GOSHEN – A historic Methodist Episcopal church in Goshen is getting a new life thanks to a man who operates cemeteries.
Ed Bixby, who divides his time between his memorial and cemetery business in the east, including the 12-acre Steelmantown Cemetery in Upper Township, and a similar business in California, was approached by the previous owner of the church and asked to take over the cemetery located on the property.
Bixby retired as a contractor after 30 years and now operates Destination Destiny Memorials with its main office in Upper Township.
“We have 12 facilities nationwide,” he said.
Bixby agreed to take over the cemetery, and before too long, the owner offered to sell him the church as well. Bixby, who has two daughters who are involved in the arts, decided it would be a good location to serve as a community center and theater.
“This is going to be Steelmantown Church, and the theater is Imagination Theater,” he said.
Although Bixby, who described himself as “not a religious person,” now owns a church (he has acquired 501(c)(3) status), the term “church” is rather relative. He thought, why not do something with it that would benefit the community?
“It’s part of Universal Life Ministries,” he said. “There will be no active religious services, but it will be open to people who want to do different things,” including getting married or holding funeral services in a historic church setting.
Bixby said since he took possession of the church in December 2022, they have restored the inside and brought it back to its original condition. Part of the original condition being maintained are two large stained-glass windows, with the traditional themes of Jesus caring for His flock and Jesus knocking at the door.
Bixby said the hand-painted windows were the creations of William Reith. Bixby said the entire church building was commissioned by the owner of Bethlehem Steel, who had a summer home in Middle Township.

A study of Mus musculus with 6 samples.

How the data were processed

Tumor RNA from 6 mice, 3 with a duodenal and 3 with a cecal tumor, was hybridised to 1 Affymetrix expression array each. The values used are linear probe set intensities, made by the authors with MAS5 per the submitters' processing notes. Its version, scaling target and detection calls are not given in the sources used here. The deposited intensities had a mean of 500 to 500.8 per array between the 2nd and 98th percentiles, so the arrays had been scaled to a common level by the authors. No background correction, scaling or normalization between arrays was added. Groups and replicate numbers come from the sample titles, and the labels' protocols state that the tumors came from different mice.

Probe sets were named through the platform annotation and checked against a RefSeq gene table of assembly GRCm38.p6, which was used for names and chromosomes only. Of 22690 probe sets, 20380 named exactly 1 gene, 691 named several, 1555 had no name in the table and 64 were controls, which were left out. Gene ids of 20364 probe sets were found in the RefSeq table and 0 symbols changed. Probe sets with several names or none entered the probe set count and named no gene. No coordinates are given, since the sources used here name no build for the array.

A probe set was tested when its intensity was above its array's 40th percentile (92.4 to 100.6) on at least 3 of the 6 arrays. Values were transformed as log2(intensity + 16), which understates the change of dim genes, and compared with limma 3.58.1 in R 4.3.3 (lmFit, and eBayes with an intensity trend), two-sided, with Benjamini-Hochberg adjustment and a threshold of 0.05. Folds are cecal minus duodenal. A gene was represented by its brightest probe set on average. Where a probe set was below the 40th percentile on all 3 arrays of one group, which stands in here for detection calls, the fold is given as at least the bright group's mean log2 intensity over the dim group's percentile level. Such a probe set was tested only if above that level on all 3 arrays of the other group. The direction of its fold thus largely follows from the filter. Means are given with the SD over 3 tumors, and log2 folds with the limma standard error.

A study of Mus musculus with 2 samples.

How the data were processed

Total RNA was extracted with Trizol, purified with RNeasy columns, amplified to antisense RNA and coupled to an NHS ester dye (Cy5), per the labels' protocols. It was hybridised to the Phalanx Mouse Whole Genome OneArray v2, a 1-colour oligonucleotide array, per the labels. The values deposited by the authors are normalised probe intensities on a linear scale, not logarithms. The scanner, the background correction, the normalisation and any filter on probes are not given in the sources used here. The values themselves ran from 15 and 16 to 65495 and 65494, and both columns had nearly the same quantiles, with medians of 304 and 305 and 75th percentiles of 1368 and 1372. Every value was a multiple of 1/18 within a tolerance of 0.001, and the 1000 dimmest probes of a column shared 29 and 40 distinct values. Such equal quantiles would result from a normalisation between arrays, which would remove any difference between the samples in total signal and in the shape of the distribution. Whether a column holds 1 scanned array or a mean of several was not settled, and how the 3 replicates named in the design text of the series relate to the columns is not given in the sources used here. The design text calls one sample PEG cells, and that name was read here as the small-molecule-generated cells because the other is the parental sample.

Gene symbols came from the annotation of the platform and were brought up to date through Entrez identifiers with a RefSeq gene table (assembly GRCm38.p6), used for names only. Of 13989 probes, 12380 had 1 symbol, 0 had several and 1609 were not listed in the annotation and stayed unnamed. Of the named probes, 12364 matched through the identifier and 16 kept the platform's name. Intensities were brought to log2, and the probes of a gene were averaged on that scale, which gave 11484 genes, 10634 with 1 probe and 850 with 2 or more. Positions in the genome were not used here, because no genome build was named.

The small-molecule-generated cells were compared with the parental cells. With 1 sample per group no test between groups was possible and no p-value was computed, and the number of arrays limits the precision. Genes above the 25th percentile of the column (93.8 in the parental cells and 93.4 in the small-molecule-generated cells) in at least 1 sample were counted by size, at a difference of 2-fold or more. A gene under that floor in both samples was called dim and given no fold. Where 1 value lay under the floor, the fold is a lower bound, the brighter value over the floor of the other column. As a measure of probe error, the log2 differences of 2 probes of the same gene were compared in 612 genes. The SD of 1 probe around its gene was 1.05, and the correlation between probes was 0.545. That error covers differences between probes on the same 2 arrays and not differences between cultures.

The church will be the home to the theater, as well as hosting artists, art shows, movie nights and giving the community a place to gather for various purposes.
As for making money, Bixby said that is not a concern.
“As for the theater, there is no charge for the people who will be a part of this. This is not a commercial enterprise, it’s more of a community building. We are changing the purpose and giving it back to the community,” he said.
The opening art show will be for local sign painter, artist and Vietnam War veteran Jim Stagg, June 23-25.
“Jim has always been an artist and I said to him, ‘You’ve got all this wonderful artwork. When you pass away, where is it going to end up?’” Bixby said.
Bixby said he is also inviting schools to use the space. He has one daughter at the Cape May County Technical School, and he has let that school know the building is available.
One of the other changes will be the color of the building. The previous owner took the white church and painted it turquoise. Bixby said he would return it to its original, 1908 color scheme, which was two shades of grey with white trim.
Bixby continued to emphasize that the Steelmantown Church will primarily be for community events and that it is not operating as a business.
“We don’t need to do this as a business. I believe in karma, and we are doing this in good faith,” he said.
For more information regarding the Steelmantown Church, call Bixby at 609-628-2297 or email firstname.lastname@example.org. Also reach out on Instagram at historicgoshenchurch.
Contact the author, Christopher South, at email@example.com or 609-886-8600, ext. 128.